Roundworm is a parasitic infection that is contagious and requires immediate treatment. The parasite mostly lives in the gastrointestinal tract and is at first unnoticeable, but as the infection continues, symptoms cause discomfort and potentially more serious issues. Roundworms are easily treated by a medical professional. Roundworm can spread due to several factors including poor hygiene and sanitation in a localized area.
Roundworm infections mostly occur in tropical and subtropical climates and where sanitation and hygiene practices are inadequate. According to the Mayo Clinic, children under the age of 10 are more susceptible to infection because they are more exposed to dirt during outdoor play. Parasitic contagion occurs when an individual ingests the eggs in fruit or when one comes into physical contact with infested dirt or stool. There are a variety of roundworms, each with unique symptoms and treatments.
Ascariasis starts with contact and ingestion of roundworm larvae. This kind of parasite is the most common cause of roundworm infection in the world. Most infections are mild, but there are cases where the infestation and symptoms are severe. The larvae continue to grow in the small intestine and may travel through the bloodstream or lymphatic system, proceeding to the lungs. Symptoms are comparable to asthma or pneumonia and include coughing, wheezing, and trouble breathing.
Hookworm is the second most prevalent infestation of parasites worldwide and can spread between animals and people. The larvae develop in dirt and feces and once inside the body, mature in the small intestine. They attach to the intestinal wall, causing loss of blood. The adult worms can live in a human for as little as one or two years or several. Hookworm infection leads to iron deficiency anemia, cardiac complications, gastrointestinal upset, and metabolic symptoms. Larvae may also reach the bowel lumen causing eosinophilic enteritis. In animals, hookworm species can cause ground itch, a zoonotic infection.
Pinworms or threadworms are parasites that exist in the human colon and rectum. Infection of pinworms occurs worldwide and affects people of all socioeconomic backgrounds; they are the most common type of roundworm diagnosed in the United States. Children, people living in institutions, and people near an infected individual are most likely to get pinworm infestations. Contamination occurs via anus to mouth contact, from dirty hands or contaminated clothes, food, and other surfaces. A pinworm infection causes itching around the anus; female pinworms lay eggs in the skin surrounding the anus after they have passed through the intestine. Symptoms are mild if they are detected at all.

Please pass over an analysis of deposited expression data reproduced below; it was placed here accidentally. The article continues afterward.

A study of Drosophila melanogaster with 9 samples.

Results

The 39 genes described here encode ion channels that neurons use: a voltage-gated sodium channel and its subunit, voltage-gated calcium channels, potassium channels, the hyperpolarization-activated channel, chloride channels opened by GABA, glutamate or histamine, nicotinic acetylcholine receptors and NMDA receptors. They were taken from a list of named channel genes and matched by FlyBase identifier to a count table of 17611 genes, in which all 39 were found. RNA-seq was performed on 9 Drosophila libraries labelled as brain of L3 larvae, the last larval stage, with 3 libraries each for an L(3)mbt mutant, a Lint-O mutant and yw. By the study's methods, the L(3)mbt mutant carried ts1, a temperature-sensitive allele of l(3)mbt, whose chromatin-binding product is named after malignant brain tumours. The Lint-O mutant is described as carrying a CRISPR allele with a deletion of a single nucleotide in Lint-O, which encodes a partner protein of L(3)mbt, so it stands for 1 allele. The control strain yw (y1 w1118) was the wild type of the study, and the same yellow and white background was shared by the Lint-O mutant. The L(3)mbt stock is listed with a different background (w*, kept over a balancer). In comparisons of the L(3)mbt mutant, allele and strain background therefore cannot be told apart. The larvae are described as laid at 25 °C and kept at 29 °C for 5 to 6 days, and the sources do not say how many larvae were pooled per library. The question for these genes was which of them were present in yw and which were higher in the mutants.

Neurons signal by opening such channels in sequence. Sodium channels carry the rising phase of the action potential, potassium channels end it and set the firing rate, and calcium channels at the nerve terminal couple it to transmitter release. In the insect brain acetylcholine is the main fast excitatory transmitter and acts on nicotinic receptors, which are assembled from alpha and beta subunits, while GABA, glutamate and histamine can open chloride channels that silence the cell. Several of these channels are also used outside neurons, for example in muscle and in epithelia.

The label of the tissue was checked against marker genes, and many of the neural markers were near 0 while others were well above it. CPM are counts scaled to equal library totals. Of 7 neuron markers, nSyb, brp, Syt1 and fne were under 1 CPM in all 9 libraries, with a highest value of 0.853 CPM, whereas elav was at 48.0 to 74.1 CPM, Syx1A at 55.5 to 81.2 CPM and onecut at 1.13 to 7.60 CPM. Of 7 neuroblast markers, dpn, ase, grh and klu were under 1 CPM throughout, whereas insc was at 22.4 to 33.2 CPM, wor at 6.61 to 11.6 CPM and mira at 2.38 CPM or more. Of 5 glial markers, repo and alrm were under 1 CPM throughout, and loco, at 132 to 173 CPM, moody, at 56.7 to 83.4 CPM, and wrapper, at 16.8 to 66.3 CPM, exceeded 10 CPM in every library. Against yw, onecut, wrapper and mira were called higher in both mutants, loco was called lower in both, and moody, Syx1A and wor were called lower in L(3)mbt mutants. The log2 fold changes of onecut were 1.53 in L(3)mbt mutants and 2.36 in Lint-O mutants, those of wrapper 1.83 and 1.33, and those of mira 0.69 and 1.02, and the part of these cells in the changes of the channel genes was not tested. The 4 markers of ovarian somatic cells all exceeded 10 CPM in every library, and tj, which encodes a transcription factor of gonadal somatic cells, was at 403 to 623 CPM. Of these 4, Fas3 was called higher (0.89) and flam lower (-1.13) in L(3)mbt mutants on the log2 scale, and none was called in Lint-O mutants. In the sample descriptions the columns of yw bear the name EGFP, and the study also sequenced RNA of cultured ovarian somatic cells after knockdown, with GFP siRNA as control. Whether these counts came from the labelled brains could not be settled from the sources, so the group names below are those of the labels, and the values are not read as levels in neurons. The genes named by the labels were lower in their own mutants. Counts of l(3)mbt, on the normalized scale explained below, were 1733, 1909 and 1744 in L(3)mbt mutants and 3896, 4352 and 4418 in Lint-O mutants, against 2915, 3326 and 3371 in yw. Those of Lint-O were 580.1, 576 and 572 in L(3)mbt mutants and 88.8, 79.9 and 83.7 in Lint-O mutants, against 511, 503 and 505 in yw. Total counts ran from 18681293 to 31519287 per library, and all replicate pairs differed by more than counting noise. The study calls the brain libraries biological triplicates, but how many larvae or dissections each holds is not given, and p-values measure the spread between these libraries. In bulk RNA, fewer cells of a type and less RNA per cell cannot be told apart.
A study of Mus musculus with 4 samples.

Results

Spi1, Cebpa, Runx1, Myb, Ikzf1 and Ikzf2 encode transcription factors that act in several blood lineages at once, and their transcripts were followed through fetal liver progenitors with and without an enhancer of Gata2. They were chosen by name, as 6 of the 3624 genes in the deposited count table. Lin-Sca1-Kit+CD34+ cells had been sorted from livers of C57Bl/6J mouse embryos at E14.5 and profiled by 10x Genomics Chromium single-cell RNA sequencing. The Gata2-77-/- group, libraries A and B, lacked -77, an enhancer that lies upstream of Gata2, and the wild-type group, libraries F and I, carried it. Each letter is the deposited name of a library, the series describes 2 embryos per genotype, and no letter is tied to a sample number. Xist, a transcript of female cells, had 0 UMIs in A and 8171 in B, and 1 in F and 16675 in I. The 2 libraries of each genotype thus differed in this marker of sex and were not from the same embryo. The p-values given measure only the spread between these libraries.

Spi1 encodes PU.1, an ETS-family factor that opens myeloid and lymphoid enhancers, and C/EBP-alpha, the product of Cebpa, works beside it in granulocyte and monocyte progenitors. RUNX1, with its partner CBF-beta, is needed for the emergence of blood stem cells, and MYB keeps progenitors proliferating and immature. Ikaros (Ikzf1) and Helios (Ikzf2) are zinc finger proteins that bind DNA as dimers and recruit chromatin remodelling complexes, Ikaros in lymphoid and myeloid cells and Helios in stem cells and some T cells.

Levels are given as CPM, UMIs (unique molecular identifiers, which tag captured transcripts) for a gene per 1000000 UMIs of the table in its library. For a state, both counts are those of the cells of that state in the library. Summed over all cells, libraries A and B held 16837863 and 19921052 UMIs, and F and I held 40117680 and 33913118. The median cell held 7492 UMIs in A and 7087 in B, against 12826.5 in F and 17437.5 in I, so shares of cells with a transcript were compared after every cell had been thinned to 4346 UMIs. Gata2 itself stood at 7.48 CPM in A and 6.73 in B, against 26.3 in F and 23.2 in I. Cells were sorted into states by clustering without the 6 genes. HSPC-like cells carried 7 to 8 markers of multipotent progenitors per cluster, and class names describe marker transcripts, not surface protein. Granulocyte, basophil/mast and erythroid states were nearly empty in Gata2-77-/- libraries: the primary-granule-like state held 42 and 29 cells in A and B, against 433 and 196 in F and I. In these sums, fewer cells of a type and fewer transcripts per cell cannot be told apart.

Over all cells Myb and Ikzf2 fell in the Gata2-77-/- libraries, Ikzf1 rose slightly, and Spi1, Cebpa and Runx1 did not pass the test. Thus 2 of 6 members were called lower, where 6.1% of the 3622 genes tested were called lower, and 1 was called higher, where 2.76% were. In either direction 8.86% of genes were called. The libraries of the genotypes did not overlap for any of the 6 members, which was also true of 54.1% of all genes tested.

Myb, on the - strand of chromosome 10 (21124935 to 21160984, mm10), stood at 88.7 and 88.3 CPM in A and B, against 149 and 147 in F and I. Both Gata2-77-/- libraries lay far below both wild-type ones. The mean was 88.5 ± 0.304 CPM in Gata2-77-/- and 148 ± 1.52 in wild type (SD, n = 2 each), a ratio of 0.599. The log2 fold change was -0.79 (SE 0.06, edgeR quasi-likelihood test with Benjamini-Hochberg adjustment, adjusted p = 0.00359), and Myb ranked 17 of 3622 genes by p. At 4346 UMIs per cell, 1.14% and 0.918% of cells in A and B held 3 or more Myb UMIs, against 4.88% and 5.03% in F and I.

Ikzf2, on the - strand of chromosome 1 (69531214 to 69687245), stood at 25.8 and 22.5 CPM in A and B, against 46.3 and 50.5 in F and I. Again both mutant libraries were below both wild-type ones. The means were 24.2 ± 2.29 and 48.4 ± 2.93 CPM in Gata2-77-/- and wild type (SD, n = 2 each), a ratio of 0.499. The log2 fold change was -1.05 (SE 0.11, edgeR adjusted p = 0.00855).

A strongyloidiasis infection of parasites ranges in severity and may be acute or chronic; it can lead to fatal hyperinfection syndrome if left untreated. An erythematous rash at the entry site is a common first symptom of acute strongyloidiasis. A cough may develop as the larvae move through the lungs, eventually reaching the trachea. Symptoms also include abdominal pain, constipation, diarrhea, and anorexia. Chronic strongyloidiasis has presents symptoms most commonly associated with gastrointestinal and cutaneous manifestations, such as heartburn, diarrhea, and constipation. Hyperinfection symptoms include intestinal obstruction, wheezing, respiratory complications, abdominal pain, nausea, and diarrhea. Left untreated, 90% of persons with a hyperinfection face death.
Trichinosis is an easily treatable roundworm infection that mostly occurs in rural areas. Parasitic infection of trichinosis develops due to consumption of undercooked meat contaminated with Trichinella larvae. It takes one or two days after infection for symptoms to manifest in the abdominal region. Larvae penetrate the small intestine, eventually growing into worms that mate and reproduce. Symptoms may progress from diarrhea, nausea, and pain to fever, pink eye, and swelling of the face.
Contact with feces or ingestion of unwashed, peeled, or cooked fruits and vegetables can lead to whipworm infection. These parasites get their name from their whip-like form. The larvae live in the small intestine, causing symptoms such as painful defecation with the presence of mucus, water, and blood. When children are infected, they may experience cognitive impairment and growth retardation.
Management of roundworm infections includes preventative measures in countries where infection rates are high. Treatments do not require a test or a positive diagnosis. Medical professionals usually diagnose parasitic infections by examining stool and blood samples. Symptoms may also indicate roundworm infections, and additional tools such as an x-ray are helpful in confirming a diagnosis.
Doctors treat roundworm parasitic infections with various medications depending on the age of the infected individual, generally one of three medications. These treatments block the roundworms' access to glucose, causing them to lose their energy source. Side effects from these medicines include diarrhea, nausea, colic in babies, flatulence, and skin rash.
Some easily implemented precautions can prevent roundworm infections. Regular hand-washing will get rid of any larvae awaiting the chance to contaminate. People should wash after touching dirt, changing diapers, and using the toilet. Proper cleaning of fruits and vegetables prevents roundworms from being ingested. When traveling to foreign countries with high rates of roundworm infections, take precautions such as drinking bottled water, washing your hands frequently, and avoiding raw foods.